Keeping a Legend Alive in Michigan

Before going further into some developments taking place regarding Holling’s career, I want to stop and credit the work being done in Leslie, Mich. Holling’s home town is also the home of the Leslie Area Historical Museum and a special area devoted to Holling's art, writing and achievements.

Joan Hoffman, who curates the Holling collection, describes activities there. “The Leslie Area Historical Museum operates under the charter, constitution and by-laws of the Leslie Area Historical Society. The museum workers are custodians of the many historical items, which are cataloged, displayed and properly cared for. The City of Leslie has provided the space we use."

Joan Hoffman

“The Society's function is more fund-raising and lining up public historical programs. They played a big part in the recent 175th anniversary of Leslie. It was Steve Hainstock's vision and effort that initiated both the Society and Museum in 2007. He has a wealth of historical knowledge, and we look to him often for guidance.

“Leslie is a small town,” Joan says. “A major highway once went through town. Since Route 127 was moved to the west and hooked up with the Interstate highway system, many businesses that once were in Leslie are now gone. It seems to me Leslie is looking for its identity like many towns where the major road now bypasses them. Leslie and the area have a lot of history, and that is what a few of us are trying to promote.”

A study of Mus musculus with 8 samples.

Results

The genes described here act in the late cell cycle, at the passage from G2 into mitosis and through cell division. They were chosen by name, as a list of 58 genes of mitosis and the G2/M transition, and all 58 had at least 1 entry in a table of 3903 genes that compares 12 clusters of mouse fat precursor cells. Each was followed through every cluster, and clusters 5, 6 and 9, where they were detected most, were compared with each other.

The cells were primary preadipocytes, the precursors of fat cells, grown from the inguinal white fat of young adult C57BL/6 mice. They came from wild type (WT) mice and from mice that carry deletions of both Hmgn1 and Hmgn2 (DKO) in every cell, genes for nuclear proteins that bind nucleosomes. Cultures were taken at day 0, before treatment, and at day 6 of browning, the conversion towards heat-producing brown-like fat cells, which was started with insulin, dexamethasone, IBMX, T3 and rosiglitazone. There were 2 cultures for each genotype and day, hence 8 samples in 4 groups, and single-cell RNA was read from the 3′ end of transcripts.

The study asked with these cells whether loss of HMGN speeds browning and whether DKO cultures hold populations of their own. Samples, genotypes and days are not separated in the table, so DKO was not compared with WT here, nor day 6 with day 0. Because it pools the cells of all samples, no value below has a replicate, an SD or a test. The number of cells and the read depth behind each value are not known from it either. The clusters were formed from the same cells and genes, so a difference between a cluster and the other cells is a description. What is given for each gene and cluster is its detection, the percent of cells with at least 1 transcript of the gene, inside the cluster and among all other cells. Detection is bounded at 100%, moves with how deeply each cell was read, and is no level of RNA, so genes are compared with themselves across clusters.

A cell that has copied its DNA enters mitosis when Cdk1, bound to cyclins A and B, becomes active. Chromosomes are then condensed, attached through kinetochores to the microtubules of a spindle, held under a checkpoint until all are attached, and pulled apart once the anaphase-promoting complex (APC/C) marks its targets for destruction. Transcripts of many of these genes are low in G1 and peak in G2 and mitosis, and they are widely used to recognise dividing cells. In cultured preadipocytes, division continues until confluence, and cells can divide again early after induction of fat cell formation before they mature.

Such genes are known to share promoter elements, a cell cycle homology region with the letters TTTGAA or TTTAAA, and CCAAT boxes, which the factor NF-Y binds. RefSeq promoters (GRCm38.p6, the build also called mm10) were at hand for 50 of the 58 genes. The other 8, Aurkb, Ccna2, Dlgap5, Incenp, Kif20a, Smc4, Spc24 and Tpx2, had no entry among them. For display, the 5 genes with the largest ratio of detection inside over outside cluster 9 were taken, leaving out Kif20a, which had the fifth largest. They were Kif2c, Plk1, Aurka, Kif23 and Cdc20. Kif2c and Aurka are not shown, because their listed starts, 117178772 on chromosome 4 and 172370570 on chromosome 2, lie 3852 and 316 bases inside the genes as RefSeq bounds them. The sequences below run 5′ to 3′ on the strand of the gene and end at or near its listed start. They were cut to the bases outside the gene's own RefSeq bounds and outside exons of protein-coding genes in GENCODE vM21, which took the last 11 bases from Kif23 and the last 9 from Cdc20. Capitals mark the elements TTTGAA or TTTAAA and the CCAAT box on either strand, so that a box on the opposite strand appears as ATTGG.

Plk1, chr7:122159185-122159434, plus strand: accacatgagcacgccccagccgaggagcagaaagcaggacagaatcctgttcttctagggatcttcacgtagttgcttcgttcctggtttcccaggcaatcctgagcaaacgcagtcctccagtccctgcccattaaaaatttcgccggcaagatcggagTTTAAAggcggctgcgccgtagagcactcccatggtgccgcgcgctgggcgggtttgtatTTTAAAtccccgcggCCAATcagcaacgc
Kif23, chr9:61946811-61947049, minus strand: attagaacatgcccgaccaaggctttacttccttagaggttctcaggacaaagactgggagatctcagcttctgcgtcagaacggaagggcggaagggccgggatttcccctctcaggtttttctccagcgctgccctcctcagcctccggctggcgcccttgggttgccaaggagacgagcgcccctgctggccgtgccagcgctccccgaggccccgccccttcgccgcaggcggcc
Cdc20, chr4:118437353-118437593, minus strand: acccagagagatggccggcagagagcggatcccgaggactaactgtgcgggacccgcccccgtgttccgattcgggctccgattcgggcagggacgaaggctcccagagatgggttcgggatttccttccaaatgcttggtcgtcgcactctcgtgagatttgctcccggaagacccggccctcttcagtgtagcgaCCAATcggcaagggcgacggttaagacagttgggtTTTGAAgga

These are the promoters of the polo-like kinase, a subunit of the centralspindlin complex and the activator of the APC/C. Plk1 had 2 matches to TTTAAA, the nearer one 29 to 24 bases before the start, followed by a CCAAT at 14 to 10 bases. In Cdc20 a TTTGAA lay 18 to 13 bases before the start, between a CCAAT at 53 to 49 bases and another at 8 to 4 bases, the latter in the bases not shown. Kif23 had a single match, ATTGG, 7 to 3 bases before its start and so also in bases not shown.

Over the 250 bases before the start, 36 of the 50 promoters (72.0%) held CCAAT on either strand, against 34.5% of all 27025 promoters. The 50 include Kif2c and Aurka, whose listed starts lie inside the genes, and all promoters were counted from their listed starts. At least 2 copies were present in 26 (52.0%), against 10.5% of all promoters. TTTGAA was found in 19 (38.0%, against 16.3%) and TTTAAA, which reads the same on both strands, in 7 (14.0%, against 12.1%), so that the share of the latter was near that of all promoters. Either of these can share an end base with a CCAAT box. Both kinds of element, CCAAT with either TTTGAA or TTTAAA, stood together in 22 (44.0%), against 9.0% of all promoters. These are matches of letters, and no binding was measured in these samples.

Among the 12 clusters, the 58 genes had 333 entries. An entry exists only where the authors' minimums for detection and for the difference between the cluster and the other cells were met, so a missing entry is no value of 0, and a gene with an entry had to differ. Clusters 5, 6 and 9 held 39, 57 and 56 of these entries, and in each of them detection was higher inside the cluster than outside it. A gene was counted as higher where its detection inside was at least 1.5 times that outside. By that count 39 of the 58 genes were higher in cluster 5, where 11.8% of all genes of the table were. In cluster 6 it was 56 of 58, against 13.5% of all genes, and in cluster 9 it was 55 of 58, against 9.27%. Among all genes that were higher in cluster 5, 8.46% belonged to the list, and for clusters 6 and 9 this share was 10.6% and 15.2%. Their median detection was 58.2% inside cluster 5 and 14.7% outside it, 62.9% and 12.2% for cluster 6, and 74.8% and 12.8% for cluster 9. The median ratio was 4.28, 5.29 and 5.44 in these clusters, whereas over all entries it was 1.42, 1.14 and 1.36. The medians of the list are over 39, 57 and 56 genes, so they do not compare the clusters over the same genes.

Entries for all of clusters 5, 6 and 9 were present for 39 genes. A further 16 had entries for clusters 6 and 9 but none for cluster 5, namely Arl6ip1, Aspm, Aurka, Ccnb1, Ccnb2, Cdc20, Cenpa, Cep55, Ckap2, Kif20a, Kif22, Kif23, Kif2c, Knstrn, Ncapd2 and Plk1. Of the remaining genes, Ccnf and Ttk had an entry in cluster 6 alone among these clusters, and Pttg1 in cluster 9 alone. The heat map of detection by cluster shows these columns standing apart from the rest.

One function of the museum is to be there for visitors, serving individuals and groups. “Groups like Scouts come yearly. We have school groups sometimes and the Chamber of Commerce once a year. One of our people is particularly good at genealogy and maintains a file on families. We work with the town library and have had small displays in their display case, and for awhile we had displays in a vacant store front.”

The Historical Society and Holling collection is housed in the G.A.R. (Grand Army of the Republic) building represented in this postcard. This is on Bellevue, a short distance east of Main St.

“Above the upper window arch,” Joan points out, “are 13 upright rectangular stones that follow that curve. Those represent the thirteen original states. The pole that looks like it divides the window and the 13 stones is a flagpole.

There are only two floors, none at ground level. The museum is in a room in the basement. “See what looks like grates to the left of the steps?” she asks. “Those are our basement museum windows. The corner stone just to the left of the basement windows says 1903.”

If you’re traveling through southern Michigan, you’re invited to take a little time to visit the Holling collection and learn more about one of America’s favorite writers. The Leslie Area Historical Museum is at 107 E. Bellevue Rd., P.O. Box 275, Leslie, MI 49251; 517-589-5220.